Pistachio & Orange Macarons

Pistachio & Orange Macarons


Although, pistachio and orange seem like very festive flavours the combination of citrus orange and woody pistachio nut I feel, capture the essential  tastes of summer. (However, they would equally go down a storm at an xmas dinner party).


I have only just learnt the art of macaron making as I mentioned in my Mocha Macaron post so I’m still cautious when experimenting with flavours and textures of macarons. In this recipe I replaced the ground almonds with pistachios which worked fine. I was worried that this could affect the consistency of the macaron, making it hard to pipe but, luckily for me this didn’t happen. However, I decided not to add orange zest to the macaron itself because I know that too much liquid will definitely affect the consistency and zest is full of oils (that it why the zest packs sooo much flavour). For this reason I also didn’t colour my macarons because although I did have green food colouring, it needs to be powdered colouring which won’t impact the viscosity of the macarons.



(This recipe makes about 30 macarons).


for the macarons

    • 120g pistachios
    • 220g icing sugar
    • 90g egg whites (about 2-3 eggs)
    • pinch of salt
    • 25g granulated sugar

for the orange filling

    • 100g soft butter
    • 100g icing sugar
    • 25ml double cream
    • zest of an orange


1. 3-4 hours before you plan to make the macarons separate the egg whites and leave them in the fridge loosely covered by a lid or plate. This process I believe dries out the egg whites which inturn helps make sturdier, round macarons.

2. Next prepare 3-4 baking trays by drawing circles 2.5cm in diameter on greaseproof paper, leaving the same amount of space between each circle for expansion.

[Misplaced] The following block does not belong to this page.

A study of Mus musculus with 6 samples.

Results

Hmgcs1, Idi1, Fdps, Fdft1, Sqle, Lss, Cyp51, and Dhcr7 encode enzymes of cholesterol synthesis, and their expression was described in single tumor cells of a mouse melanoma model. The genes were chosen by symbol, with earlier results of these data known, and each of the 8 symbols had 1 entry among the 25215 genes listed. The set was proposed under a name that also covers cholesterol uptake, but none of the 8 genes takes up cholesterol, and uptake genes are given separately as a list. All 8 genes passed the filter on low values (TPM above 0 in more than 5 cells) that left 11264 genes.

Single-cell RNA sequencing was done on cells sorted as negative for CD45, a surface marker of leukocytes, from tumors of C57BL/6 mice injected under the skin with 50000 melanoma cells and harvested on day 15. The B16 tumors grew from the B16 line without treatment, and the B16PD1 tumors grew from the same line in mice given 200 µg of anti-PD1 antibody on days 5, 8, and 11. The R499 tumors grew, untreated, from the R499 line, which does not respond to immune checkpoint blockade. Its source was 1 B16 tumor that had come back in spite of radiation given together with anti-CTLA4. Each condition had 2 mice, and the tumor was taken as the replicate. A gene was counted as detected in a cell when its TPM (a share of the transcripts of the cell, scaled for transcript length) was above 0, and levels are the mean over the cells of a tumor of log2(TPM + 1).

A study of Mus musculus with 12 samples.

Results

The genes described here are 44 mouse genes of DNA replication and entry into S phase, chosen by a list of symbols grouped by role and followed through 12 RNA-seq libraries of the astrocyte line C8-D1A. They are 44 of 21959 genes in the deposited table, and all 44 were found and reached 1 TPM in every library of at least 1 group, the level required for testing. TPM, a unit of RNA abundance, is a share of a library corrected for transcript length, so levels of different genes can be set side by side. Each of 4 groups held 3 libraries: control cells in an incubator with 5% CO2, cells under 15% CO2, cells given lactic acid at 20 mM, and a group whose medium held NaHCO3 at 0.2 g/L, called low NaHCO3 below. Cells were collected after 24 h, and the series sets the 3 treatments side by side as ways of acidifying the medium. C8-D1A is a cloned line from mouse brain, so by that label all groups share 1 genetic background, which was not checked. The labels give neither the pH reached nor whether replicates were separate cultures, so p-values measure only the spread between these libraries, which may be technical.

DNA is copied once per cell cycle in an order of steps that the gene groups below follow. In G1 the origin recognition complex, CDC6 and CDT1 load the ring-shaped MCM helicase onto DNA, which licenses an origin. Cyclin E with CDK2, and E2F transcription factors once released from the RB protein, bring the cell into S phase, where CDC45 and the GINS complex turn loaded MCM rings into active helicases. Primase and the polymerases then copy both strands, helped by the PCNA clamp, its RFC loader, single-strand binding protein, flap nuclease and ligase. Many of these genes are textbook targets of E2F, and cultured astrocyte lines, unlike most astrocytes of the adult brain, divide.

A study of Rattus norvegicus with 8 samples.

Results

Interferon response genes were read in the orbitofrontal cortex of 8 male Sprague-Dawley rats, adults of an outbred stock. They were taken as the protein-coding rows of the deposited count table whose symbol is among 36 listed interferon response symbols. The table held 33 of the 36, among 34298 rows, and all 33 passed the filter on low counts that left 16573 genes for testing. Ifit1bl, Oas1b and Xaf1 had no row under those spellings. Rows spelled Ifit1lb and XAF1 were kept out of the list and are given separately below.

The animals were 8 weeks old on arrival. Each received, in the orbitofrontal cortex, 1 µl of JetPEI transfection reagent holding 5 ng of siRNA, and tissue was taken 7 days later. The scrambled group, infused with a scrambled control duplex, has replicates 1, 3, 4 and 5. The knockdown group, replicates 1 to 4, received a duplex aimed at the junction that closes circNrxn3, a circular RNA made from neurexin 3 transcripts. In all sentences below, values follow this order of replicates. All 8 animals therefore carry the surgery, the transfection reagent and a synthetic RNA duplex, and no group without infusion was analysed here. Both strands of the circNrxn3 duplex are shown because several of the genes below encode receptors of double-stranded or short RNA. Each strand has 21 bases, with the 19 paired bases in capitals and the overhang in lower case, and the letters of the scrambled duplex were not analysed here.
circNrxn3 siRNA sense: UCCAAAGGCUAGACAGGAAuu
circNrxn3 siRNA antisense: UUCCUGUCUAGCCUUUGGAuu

3. In a food processor, blitz the pistachios until finely ground. Then add the icing sugar and blitz again until a fine powder is formed. Sift the mixture to make sure it is at the right consistency.

4. Place the egg whites and salt in a large mixing bowl or food mixer and beat with electric beaters or a whisk attachment at high speed until a thick foam forms. At this point add the sugar a tablespoon at a time making sure the sugar has dissolved after each addition. When all the sugar is added you should be left with a glossy looking meringue.

5. Take one third of the pistachio mixture and fold it thoroughly into the meringue with a large metal spoon to help prevent knocking out air. Then fold in the rest of the mixture carefully and stop as soon as you see all the almond mixture is incorporated. Don’t worry if the mixture is lumpy it doesn’t need to be smooth, what’s more vital is that you don’t over beat the meringue. You will know if you have, because when you pipe the mixture it will be runny and won’t hold its shape.

6. Scoop the mixture into a piping bag with a plain tip and pipe the macarons out keeping within the circles you have drawn. Once piped bang the trays against the table 4 times, rotating the tray each time. This knocks out any air bubbles to ensure the macarons rise and bake evenly throughout. Now leave them out at room temperature for an hour for a skin to form. You should be able to touch the surface and it won’t be wet and sticky.

7. Next preheat the oven to 150 degrees or 140 if you have a fan oven. You need to make sure you bake the macarons in the middle of the oven so you may have to cook the macarons in batches. Bake them for 12 minutes exactly and do not open the oven until 12 minutes is over, as the cold air will lead to deformed macarons. Then take the trays out the oven and after 5 minutes sat on the tray peel the macarons off the paper and leave to cool completely.

8. To make the filling beat the butter until light and fluffy and then add the icing sugar and beat again for 2-3 minutes to let the sugar dissolve. If you taste it after 30 seconds or a minute it will still taste grainy but after a few minutes it should taste light and smooth on the tongue. Lastly stir in the cream/milk and zest making sure the orange peel is evenly distributed.

9. Finally pipe the frosting on to half the macarons and then sandwich them together with the remaining half.

10. These macarons are best if left in the fridge overnight in an airtight container. Before serving let them come to room temperature. These macarons will last up to a week in an airtight container in the fridge.